July 26, 2014

Florida Icon

Icon: Harry Crews

Writer, University of Florida professor, Gainesville, died March 28 at age 76

Editor’s note: On Jan. 27, Florida Trend’s Art Levy and Will Short Gorham interviewed Harry Crews in the novelist’s home. The 40-minute interview did not go well. Crews spoke haltingly, pausing often while he endured intense waves of pain caused by his peripheral neuropathy. Plans were made to continue the interview another day, but Crews died before that could happen. Quotes from our interview appear below along with those from two other sources: “Getting Naked with Harry Crews” (University Press of Florida, 1999), a book of Crews interviews edited by Erik Bledsoe, and a 2007 documentary film by Tyler Turkle titled Harry Crews — Survival is Triumph Enough.

Harry Crews
[Photo: John Zeuli]

» I’ve got peripheral neuropathy. It’s a disease of the nerves that manifests itself by driving you crazy.

» A writer can’t be taught, but he can be coached.

» I was drunk every day for 30 years. Very rarely did anyone see me staggering around or anything like that. Never threw up. Never got sick. Never had a hangover. That’s probably why I turned out to be a drunk. I didn’t know what a hangover was.

» Being a writer is the only thing I remember wanting to do. I put all the energy I could into it.

» Only Christmas present I ever remember getting was a Baby Ruth candy bar. The only one I ever remember, my whole growing up. And I was very pleased to get it.

» You know, I had polio. Hell, everyone had polio then. Before Salk.

» I’ve never begun a novel that I knew how it ended. I just start and try to find out what it is I think about whatever it is I am writing about.

» My brother was fighting in Korea at the time I joined. It ended while I was on Parris Island. And we were, of course, all extremely disappointed. There’s something — and this may be a lie, or a myth or whatever — but it seems to me that when a war breaks out, all the Southern boys run down as quick as they can. Probably out of ignorance. And also because, in many instances — as was true in my case — there’s no jobs, and I had no skills.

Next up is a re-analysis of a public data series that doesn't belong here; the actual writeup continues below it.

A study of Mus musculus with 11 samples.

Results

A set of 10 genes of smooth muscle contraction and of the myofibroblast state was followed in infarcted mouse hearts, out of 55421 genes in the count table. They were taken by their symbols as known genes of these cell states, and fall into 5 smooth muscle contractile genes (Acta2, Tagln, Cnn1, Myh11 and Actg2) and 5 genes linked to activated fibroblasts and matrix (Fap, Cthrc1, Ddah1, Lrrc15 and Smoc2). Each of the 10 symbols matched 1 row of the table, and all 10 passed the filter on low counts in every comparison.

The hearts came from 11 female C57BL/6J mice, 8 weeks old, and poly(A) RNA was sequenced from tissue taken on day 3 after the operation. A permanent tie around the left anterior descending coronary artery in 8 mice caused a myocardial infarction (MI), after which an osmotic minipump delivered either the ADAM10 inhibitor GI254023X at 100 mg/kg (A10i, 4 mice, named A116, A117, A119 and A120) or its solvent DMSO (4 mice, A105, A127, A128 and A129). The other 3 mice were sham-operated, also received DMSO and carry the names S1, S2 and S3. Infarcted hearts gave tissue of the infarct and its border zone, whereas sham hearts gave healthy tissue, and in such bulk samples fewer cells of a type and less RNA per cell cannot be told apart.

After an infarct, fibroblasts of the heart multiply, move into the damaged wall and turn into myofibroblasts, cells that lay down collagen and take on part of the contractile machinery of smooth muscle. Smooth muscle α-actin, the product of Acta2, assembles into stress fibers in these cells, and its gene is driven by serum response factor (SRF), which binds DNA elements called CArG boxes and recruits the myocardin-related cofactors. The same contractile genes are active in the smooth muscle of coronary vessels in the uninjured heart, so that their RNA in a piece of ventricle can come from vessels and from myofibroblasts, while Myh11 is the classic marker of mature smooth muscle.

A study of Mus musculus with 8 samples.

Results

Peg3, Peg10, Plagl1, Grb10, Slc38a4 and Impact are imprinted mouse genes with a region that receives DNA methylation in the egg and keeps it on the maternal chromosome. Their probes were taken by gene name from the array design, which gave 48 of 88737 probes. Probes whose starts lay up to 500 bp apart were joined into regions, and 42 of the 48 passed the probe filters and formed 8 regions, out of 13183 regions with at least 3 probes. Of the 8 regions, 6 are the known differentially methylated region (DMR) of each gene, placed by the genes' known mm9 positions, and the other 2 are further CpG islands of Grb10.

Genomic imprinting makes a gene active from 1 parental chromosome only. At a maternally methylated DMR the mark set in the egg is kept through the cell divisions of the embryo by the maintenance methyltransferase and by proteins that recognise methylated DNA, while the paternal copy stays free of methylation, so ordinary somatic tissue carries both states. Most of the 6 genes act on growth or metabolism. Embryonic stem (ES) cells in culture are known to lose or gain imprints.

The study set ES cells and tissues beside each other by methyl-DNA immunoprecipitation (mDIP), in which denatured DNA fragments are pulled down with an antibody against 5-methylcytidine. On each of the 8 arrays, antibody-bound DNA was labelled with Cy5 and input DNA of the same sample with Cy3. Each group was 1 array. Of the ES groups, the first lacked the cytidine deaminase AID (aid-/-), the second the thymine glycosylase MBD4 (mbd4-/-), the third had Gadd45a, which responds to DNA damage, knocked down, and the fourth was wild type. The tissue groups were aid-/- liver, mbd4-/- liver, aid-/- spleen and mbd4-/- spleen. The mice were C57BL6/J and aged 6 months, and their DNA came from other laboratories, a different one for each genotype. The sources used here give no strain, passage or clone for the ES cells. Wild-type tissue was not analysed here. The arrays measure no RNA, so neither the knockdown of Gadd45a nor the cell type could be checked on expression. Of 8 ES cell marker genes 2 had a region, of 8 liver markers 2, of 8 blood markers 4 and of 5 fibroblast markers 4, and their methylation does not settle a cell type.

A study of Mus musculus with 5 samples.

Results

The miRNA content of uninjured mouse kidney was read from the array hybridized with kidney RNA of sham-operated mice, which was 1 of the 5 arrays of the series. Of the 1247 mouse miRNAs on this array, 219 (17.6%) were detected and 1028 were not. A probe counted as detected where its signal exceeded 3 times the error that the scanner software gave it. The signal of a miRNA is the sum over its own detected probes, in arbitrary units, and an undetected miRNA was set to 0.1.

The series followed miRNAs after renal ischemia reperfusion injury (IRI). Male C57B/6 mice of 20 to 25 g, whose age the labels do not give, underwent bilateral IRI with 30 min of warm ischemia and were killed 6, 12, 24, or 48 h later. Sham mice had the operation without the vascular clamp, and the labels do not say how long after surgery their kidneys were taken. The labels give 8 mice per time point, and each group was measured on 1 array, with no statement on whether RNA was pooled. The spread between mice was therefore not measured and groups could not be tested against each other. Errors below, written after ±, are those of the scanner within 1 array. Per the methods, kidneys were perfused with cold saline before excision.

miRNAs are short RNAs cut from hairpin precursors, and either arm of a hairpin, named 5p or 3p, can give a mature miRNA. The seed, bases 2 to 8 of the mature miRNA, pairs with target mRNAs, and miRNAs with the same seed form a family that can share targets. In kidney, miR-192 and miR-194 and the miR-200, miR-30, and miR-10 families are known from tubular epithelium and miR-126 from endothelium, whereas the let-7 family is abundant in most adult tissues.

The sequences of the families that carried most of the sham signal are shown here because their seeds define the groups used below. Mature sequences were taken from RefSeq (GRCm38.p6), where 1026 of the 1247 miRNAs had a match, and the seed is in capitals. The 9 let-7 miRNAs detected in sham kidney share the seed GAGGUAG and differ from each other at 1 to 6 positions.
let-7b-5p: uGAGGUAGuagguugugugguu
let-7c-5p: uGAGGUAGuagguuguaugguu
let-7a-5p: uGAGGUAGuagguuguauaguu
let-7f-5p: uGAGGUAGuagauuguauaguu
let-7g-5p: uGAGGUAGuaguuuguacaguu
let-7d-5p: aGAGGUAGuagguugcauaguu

» I didn’t do well in grade school and all that. All I did was read. When I got to the University of Florida, I was never assigned a book I hadn’t already read.

» I feel bad. I think we can say I’m going to feel bad from now until I kick out and die. There’s no relief from this. That’s the way it goes.

» Whatever I’ve done and whatever I’ve set out to do, I’ve always had one goal in mind: Get it down in language.

» I don’t think I’ve ever sold 10,000 copies of a hardcover book in my life. I finally found an audience. France. France. The French love me.

» My daddy literally worked himself to death, as a tenant farmer, as a great many men and women did. My ma says he worked himself to death at the age of 31. His heart, his whole chest, blew out like a tire blows out.

» Listen, if you want to write about all sweetness and light and that stuff, go get a job at Hallmark.

» I teach because I like it. It gives me some sense of myself when my writing’s not going well. I can go and teach and that’s pleasant. The only problem I’ve ever had with the university is the professors and the people who run it.

» Ma baked biscuits every meal, and the biscuits were made out of flour, lard and water. We had biscuits and grits and fatback, wasn’t even a streak of meat in there. That’s pretty much what we had.

Harry Crews
[Photo: John Zeuli]

» There was very little that I would not do.

» Life now is boring, incredibly, unthinkably boring. Whatever fire I had in the loins, whatever fun I had ... yeah, I’m pretty much dead.

» I don’t think novels cause things to happen. Maybe ‘The Jungle’ caused something to happen, the meat industry and all that, passing legislation, but other than that, I mean, I don’t know.

» When I got old, I wanted to be so used up and so broken and such a husk that you could put me in the palm of your hand and blow me away.

» Back when I drank so bad, when I went anywhere to lecture or do something at a university, first thing that happened when I get off the plane is some guy handed me a glass. And the game was, ‘Let’s give Crews all the alcohol he’ll take in his hand and watch him get totally out of it and be a fool.’

» When I have those pauses, there’s no reason for them, except I’m hurting bad and I just have to wait and gut it out. It’s bothersome. It’s very bothersome.

» Writing made me the happiest. That’s what I spent my life doing, pretty much.